Metal Parts Produced
Commercial Space
Medical Devices


Under development since 2017, Terran 1 could become one of the most innovative products to emerge from the aerospace manufacturing industry since the dawn of privatization of space 20 years ago. This is mainly because Relativity uses two types of 3D printing to produce over 90% of the dry mass of Terran 1. Its large format, proprietary 3D printing process, Stargate, can create primary and secondary structures for Terran 1 from a proprietary aluminum alloy – with printing, inspection, and the little post-processing required occurring all in a single print cell.

Stargate can currently print structures up to 3.4 meters (11 feet) diameter by 7.6 meters (25 feet) tall – the world’s largest metallic printed parts. Capable of vertically integrating artificial intelligence, robotics, and patented autonomous manufacturing technology, Relativity’s 3D printing platform can build Terran 1, from raw material to flight in less than 60 days, making the manufacturing technology extremely attractive to customers’ evolving needs. Relativity also uses direct-to-metal laser sintering (DMLS) to produce geometrically small, high fidelity components for Terran 1. Recently, the company released a video of the 3D printer creating a unique shape, a nose cone for Terran 1, using zero fixed tooling.

Terran 1 fully 3D printed nose cone.

Terran 1 fully 3D printed nose cone. Image courtesy of Relativity Space.

The Terran 1 first stage assembly consists of three main components: the thrust structure, the Stage 1 tank, and the interstage. The tanks share a common dome and airframe that is integrally printed as monolithic sections, where a horizontal welding process integrates Stage 1 segments together to achieve the final stage structure. A transfer tube carries liquid oxygen (LOX) through the center of the liquid natural gas (LNG) tank to the engines. Nine Aeon-1 engines power the first stage for a total thrust of up to 207,000 lbf at liftoff.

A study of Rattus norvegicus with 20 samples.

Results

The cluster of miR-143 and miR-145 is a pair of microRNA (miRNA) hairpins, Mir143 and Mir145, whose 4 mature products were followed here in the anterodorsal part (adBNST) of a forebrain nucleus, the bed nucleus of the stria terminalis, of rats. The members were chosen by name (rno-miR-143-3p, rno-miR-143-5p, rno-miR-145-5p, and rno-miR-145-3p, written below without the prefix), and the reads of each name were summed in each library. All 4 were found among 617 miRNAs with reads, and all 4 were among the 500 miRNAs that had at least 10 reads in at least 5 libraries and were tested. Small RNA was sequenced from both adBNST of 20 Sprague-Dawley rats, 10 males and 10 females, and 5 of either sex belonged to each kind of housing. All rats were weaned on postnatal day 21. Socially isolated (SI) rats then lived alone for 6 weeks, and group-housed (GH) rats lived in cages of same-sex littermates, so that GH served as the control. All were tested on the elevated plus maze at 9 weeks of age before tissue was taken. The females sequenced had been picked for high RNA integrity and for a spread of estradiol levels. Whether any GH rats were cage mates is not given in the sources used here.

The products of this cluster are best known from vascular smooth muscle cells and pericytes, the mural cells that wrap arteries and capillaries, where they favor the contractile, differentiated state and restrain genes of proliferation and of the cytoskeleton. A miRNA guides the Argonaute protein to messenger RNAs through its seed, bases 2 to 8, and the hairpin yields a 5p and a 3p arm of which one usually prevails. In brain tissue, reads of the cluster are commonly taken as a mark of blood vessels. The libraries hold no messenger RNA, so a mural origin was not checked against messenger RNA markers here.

With the new Stage 1 testing complete, Relativity’s rocket has reached a critical pre-launch phase, especially considering that Terran 1’s Stage 2 passed the cryogenic pressure-proof and hydro-mechanical buckling test one month ago on the company’s structural test stand. Focusing on the future of launch vehicle development, Relativity revealed that in only 12 months, they managed to finalize Terran 1’s architecture, developed a brand new engine, upgraded its material, and grew from 150 employees to more than 500.

Terran 1’s demonstration launch is now set for early 2022 from Launch Complex 16 (LC-16) at Cape Canaveral Space Force Station in Florida. The launch site will support initial test flights of Terran 1 and subsequent customer flights, supporting low- and mid-inclination orbits. As part of the preparations for the momentous launch, Relativity engineers recently completed the maiden lift of the strongback at the LC-16. This rigid structure will provide support for the launch vehicle. In addition, this exciting milestone involved electrical utilities being taken to the launch site and commissioned, activating a hydraulic lift system, and fabricating and installing the pad deck and launch table.

Just two days before announcing the complete testing of Stage 1, Reuters reported that the Federal Aviation Administration (FAA) was proposing to issue a vehicle operator license to the venture-backed startup after completing an environmental review. According to the news agency, the U.S. Air Force prepared the assessment with the FAA as a cooperating agency and stated that Relativity must also meet agency safety, risk, and financial responsibility requirements before a license can be issued.

Relativity Space's own 3D printing technology to make its rockets.

Relativity Space develops its own in-house 3D printing technology. Image courtesy of Relativity Space.

Currently valued at $4.2 billion, Relativity is the second-most valuable privately-held space firm behind Elon Musk’s SpaceX. Reaching that valuation had a lot to do with the recent $650 million funds raised in a Series E round, raising the total funds to $1.3 billion. At this rate, we can expect the private firm to continue pioneering the “factory of the future” as it develops in-house 3D printing technologies capable of building entire rockets and offering a radically simplified supply chain that will reduce launch vehicle part count by 100. As Relativity gets closer to the countdown, we can’t wait to finally witness the world’s first 3D printed Terran 1 rocket awaits for take-off on the pad at Cape Canaveral.